Many cloud-based MSPs act as cloud service resellers and provide their own integrated cloud management and support services. Handling multiple cloud consumers, MSPs need to centralize their management in order to report cloud costs for each of their clients while achieving cloud operations efficiency. As important players in a growing market, cloud MSPs need to overcome a few challenges to ensure their success. In this post, I’ll share five of these challenges and offer tips on how to tackle them.
Current Challenges and Tips for MSPs
Challenge #1: Charging Clients
MSPs bill their customers by invoicing them based on chargebacks. Cloud vendors charge MSPs, who in turn need to perform chargebacks based on the specific usage that is allocated to each of their clients. Moreover, MSPs need to keep track of their own service charges. In order to achieve all of this without losing control, MSPs need to have a single-pane-of-glass view that includes their clients’ cloud usage and additional service charges.
MSPs aren’t that different from large enterprises in the sense that they need to use resource tagging to engage in cost allocation. Both need to segment each business unit or client according to cloud usage. Continuously tagging provisioned resources and services per client will allow for automated dashboard reports, and by having a tagging policy across a cloud environment, MSPs can cost allocate resources per client and provide detailed reports. These tagging policies generate transparency, as well as happy clients.
Challenge #2: Maintaining Cloud Efficiency
MSPs need to reassure clients that they’re partaking in effective cloud service usage. Initially, clients may not know which resources to choose or the amount that they need, like instance types or disk storage size. MSPs need to assist their clients with proper resource allocation and sizing.
It’s possible to use Cloudyn’s sizing recommendations that highlight resources that are insufficiently utilized. In addition, leveraging reduced cost capacity such as AWS’ Reserved or Spot Instances is crucial. MSPs can optimize their client’s environment (as well as their own) by learning about usage trends and SLAs. By doing so, they can enjoy economies of scale and exchange resources between customers.
Challenge #3: Choosing the Right Cloud
If a client wants to roll out a new project, MSPs are expected to analyze and recommend or even decide which cloud vendor and services to use. MSPs need to know about various cloud offerings, as well as present cost performance analyses to their clients.
MSPs need to gather as much information as possible about upcoming projects and assess which cloud providers best fit their needs (e.g. region, compute type, products and services). It’s also possible to move to a private cloud after a project is stable. If so, MSPs need to assess the necessary capacity and find opportunities to leverage redundant or low resource utilization in order to consolidate and create more capacity for new projects.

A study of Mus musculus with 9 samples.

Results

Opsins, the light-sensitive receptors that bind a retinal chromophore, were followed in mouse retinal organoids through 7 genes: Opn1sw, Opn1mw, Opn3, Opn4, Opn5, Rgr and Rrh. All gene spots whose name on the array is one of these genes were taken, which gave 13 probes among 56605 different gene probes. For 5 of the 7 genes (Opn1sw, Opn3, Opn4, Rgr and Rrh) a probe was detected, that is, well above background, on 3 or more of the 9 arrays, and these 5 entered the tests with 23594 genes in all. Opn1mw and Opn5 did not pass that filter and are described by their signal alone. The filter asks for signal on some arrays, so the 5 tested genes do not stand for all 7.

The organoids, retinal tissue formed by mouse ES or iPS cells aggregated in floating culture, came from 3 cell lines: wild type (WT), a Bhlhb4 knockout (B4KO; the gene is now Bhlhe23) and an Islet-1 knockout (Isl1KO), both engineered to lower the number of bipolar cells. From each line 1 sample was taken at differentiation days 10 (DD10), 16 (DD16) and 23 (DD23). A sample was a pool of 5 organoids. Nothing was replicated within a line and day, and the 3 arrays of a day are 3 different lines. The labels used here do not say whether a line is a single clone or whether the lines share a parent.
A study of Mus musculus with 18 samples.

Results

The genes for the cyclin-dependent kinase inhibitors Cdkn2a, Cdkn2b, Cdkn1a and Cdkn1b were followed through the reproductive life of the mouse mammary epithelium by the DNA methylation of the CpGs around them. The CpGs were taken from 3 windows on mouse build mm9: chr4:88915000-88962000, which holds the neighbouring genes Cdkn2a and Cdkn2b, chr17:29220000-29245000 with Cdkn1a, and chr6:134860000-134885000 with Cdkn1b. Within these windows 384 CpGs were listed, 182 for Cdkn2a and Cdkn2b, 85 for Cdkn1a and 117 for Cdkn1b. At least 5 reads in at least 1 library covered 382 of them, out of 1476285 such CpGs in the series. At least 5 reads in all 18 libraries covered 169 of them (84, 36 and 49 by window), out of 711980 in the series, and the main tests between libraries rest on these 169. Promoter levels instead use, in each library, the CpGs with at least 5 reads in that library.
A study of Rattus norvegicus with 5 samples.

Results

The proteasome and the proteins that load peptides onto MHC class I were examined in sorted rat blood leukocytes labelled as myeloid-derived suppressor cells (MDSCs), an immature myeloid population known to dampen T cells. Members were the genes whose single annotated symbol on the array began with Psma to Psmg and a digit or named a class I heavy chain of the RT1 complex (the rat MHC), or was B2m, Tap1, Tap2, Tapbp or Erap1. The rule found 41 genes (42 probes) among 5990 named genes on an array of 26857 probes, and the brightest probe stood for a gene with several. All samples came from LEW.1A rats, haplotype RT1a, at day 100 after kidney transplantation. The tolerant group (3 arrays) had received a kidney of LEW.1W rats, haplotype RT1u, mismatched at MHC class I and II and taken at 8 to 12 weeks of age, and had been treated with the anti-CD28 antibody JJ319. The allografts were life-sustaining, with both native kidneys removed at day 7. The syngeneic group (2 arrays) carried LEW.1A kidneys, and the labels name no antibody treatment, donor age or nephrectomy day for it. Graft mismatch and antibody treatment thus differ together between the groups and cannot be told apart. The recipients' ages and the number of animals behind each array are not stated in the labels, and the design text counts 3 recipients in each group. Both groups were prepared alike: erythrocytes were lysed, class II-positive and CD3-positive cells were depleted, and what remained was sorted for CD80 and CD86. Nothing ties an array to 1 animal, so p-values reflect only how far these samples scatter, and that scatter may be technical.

Challenge #4: Reselling and Maintaining Margins
The cloud is changing traditional reselling methods. Whereas in most cases, reselling hardware includes benefiting from high margins and vendor exclusivity, it is known that in the cloud, MSPs’ reselling profit margins decrease over time. In addition, MSPs are expected by their customers as well as by cloud vendors to not charge more for a public cloud vendor’s specific resource unit cost, which can be quite tough as service brokers and resellers.
Luckily, there are a few mechanisms that help MSPs profit from cloud vendor services. First, they should leverage volume discounts and credits that they receive from public cloud providers. Second, they should leverage RI capacity (more specifically with AWS) and resell it at the same price or for a little less than what is charged for on-demand capacity. Third, MSPs need to keep a high margin on their value added core services, such as cloud integration, monitoring, and support.
Challenge #5: Optimizing Cloud Usage While Preserving Operational Metrics
Professional MSPs should always be sure to optimize their clients’ cloud usage while preserving operational parameters, like response times and SLAs. However, challenges may come up in some cases, such as downsizing. Cloud optimization costs need to be aligned with SLAs, without harming the required operational parameters.
In most cases, cloud MSPs are responsible for building and maintaining a cloud. It is recommended that MSPs resize while monitoring to make sure that operational parameters don’t decrease so as to avoid downtime and a lack of disk space. MSPs should perform thorough tests on how systems react to these changes before applying them in production.
MSPs have great challenges to overcome when managing cloud environments, and must provide their clients with exceptionally trustworthy and efficient services. MSPs should leverage the cloud’s flexible nature to prove that their clients’ environments are efficient at any given moment. Otherwise, they risk wasting resources, finances, and ultimately, losing clients. If they’re successful in overcoming these challenges, cloud MSPs can play a significant role in cloud adoption, increase trust in their services, and broaden their core IT management services.